Outdoor murder investigations can be quagmires in ways controlled-environment crime scenes are not. That’s because a myriad of factors can muddy the picture as investigators try to reconstruct the crime scene—from erratically changing temperatures to the number of people coming through the area.
But outdoor crimes can also bring more evidence into play: the clues of the natural world.
A&E Real Crime spoke with David Hall, a Florida-based forensic botanist who has worked on hundreds of criminal cases, to discuss the information plant life leave behind.
How does a forensic botanist help aid investigations?
Most law-enforcement officers even aren’t aware of what a botanist can do. In most cases, a botanist can destroy an alibi, put something or someone somewhere or help establish time of death.
Watch: For the first time ever, investigators use tree DNA to place a killer at the scene of a crime.
What’s the most famous case you’ve worked on?
I’ve worked a lot of homicides. Most recently, probably Caylee Anthony in Orlando a few years ago—the Casey Anthony case.
What did you do on the Casey Anthony case?
The child (Caylee Anthony) had been missing for quite a long time, several months. When they found the body, it had been disposed; it had been wrapped in plastic and a laundry bag and tossed into the edge of a swamp.
One of the problems with cases like that is the medical examiner needs to find a time of death. In this case..the medical examiner and the forensic anthropologist were puzzled.
One of the pieces of evidence were plant roots [that had] grown over and through the remains. They asked me, if by looking at those roots, I could give them an approximate time of death. I did. It wasn’t very exact, but it was [within] four to six months.
How did you narrow the window that much?
By the length and thickness of the roots, and how many there were.
Tell us about other cases you’ve worked on where botanical evidence helped bring a suspect into focus.
In 1995 in the St. Petersburg/Tampa area, there was a case that had every agency involved: Cheryl Ann Commesso.
Guys were cleaning up the side of an interstate. They were raking and all of a sudden a skull bounced out. They called law enforcement, and they started finding other bones.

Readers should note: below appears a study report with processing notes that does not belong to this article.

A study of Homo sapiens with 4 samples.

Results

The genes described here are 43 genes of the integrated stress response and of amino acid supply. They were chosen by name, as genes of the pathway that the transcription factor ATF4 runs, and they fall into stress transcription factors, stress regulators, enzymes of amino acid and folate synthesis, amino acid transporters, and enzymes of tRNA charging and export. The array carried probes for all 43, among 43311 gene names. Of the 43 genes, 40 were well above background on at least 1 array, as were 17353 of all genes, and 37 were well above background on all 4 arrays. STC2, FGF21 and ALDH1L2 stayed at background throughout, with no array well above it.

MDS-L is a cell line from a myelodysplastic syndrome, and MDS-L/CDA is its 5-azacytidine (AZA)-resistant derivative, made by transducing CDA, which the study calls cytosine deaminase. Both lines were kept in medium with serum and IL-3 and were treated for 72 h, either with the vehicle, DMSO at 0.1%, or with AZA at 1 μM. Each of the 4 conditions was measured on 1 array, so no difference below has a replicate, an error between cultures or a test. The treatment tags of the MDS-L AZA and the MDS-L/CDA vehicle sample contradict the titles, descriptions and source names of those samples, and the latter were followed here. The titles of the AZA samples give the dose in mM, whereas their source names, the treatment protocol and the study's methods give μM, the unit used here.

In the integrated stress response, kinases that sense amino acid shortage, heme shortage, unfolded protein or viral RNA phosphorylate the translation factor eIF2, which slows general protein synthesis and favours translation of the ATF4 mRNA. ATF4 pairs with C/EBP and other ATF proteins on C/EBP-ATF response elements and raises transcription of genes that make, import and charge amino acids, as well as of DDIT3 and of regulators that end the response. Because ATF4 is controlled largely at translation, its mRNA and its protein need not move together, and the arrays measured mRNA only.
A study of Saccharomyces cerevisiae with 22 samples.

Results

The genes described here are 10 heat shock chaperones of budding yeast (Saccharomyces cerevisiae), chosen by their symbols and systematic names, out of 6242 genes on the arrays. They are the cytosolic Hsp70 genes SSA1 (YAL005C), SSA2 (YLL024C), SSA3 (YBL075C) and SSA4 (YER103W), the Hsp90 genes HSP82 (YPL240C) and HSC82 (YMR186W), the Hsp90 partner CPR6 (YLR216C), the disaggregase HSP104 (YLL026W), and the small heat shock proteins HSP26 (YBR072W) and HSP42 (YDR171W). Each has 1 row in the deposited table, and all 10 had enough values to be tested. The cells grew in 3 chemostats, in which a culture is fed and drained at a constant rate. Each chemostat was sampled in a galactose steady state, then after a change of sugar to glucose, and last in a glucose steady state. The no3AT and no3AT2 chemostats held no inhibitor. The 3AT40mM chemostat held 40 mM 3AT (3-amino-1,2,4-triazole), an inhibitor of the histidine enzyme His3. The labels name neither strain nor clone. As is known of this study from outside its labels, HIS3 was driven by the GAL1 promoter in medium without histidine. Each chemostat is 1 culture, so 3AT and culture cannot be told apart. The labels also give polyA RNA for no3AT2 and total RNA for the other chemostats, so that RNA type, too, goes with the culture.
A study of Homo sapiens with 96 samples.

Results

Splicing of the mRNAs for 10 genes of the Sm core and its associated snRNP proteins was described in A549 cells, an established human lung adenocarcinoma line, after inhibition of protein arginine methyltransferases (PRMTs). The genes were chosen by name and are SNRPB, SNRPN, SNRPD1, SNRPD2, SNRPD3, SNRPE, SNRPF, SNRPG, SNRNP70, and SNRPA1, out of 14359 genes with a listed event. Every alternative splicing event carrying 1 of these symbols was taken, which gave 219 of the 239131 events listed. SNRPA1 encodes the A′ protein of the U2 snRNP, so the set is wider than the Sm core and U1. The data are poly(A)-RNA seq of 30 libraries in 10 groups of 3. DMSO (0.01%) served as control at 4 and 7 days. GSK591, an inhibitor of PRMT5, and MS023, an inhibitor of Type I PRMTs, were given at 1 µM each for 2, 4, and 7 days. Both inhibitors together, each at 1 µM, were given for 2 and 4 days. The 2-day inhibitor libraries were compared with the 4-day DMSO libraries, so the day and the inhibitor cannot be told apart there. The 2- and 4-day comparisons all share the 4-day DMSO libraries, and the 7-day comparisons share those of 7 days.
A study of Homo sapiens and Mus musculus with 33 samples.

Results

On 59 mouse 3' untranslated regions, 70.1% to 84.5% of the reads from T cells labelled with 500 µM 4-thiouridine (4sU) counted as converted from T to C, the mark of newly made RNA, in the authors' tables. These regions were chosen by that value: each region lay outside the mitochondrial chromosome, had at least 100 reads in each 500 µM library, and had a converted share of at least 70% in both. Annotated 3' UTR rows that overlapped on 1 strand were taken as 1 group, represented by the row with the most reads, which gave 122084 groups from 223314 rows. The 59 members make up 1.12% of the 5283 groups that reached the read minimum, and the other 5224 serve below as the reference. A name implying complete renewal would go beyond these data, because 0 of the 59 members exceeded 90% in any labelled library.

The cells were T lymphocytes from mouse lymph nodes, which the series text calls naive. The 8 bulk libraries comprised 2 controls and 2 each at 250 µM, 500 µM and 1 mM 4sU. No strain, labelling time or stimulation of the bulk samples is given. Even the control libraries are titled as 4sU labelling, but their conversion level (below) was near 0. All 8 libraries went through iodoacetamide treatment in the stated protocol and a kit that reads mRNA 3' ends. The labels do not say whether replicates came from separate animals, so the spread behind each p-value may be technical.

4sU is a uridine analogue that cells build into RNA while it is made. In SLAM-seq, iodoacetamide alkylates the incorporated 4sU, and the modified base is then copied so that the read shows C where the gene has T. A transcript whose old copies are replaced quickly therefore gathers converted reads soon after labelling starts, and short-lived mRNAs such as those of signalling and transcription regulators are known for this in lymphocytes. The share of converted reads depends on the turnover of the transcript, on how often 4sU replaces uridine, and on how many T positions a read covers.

When you’re doing that, it’s important to try to find all the remains, which is difficult when it’s been a long time, [And] in this case it had been. A forensic anthropologist—one of the top 10 in the world— was involved in [the investigation], but he couldn’t give them any time since death.
When they finally had a suspect, the suspect said, ‘How do you know that lady didn’t die long after I left the area?’ Timing became critical.
As they were working the case, they’d collected pieces of the vegetation, some of it growing through bones.
It took a long time, but I scattered all the evidence out, and finally I found a couple of pieces of plant that had grown through bones that I could positively identify. The person had to have died and deteriorated to the point that the plant material could’ve gone through those bones.
I looked at those plants—they were branches—and I could age the branches by the rings: the annual rings that were produced. And so I could give the approximate time the body had been there; it had been there before the suspect [Franklin Delano Floyd] had left. He was tried and convicted [of first-degree murder in 2002 and received the death penalty].
When a body is deposited into the earth, do plants at the site grow differently?
One thing most people don’t realize is when you disturb soil, plants do grow more lusciously, in general.
The reason is not that the body is producing anything that helps the plant. Body fluids are certainly not helpful for plant growth—they’ll basically kill a plant. [They] are caustic, and that will stop plant growth. If a body is put on the ground it can [also] kill a plant by shading it.
It’s simply that the soil has been disturbed, which produces moisture and air and light.
When they push the soil back, they almost invariably scrape plants in with it, and the plants can then be used to help determine timing. When digging the grave, you usually cut through roots. Some roots will regrow, and you can use regrowth as part of timing, too.
You said in addition to figuring out time of death, botanical evidence can help destroy alibis.
For example, I had a case in South Florida—one of my first cases ever—which was a sexual assault. It took place outdoors.
They collected a blanket from the suspect’s car, and there were a couple thousand fragments of plants on the blanket: sedges (marsh plants that looks like grass and grows in bunches), grasses, small dicots (dicotyledons, a type of flowering plant). I was able to put all those plant fragments into piles, and I found there were five different plants on that blanket.
They were able to find the scene where the young lady was sexually assaulted, and I was able to match all the plants to the blanket. The suspect—he had a family—said he and his family went on picnics and that was what the blanket was for. Law enforcement asked where [they went on picnics] and he [told them]. But there were three plants on that blanket that weren’t in any of those places.
I’ve had dozens of cases like that. That’s the most common thing I do. I ask, ‘How did you get that material on you?’ They’ve got an explanation and [then] I’ve got an explanation. But most people don’t know enough about plants to lie about them.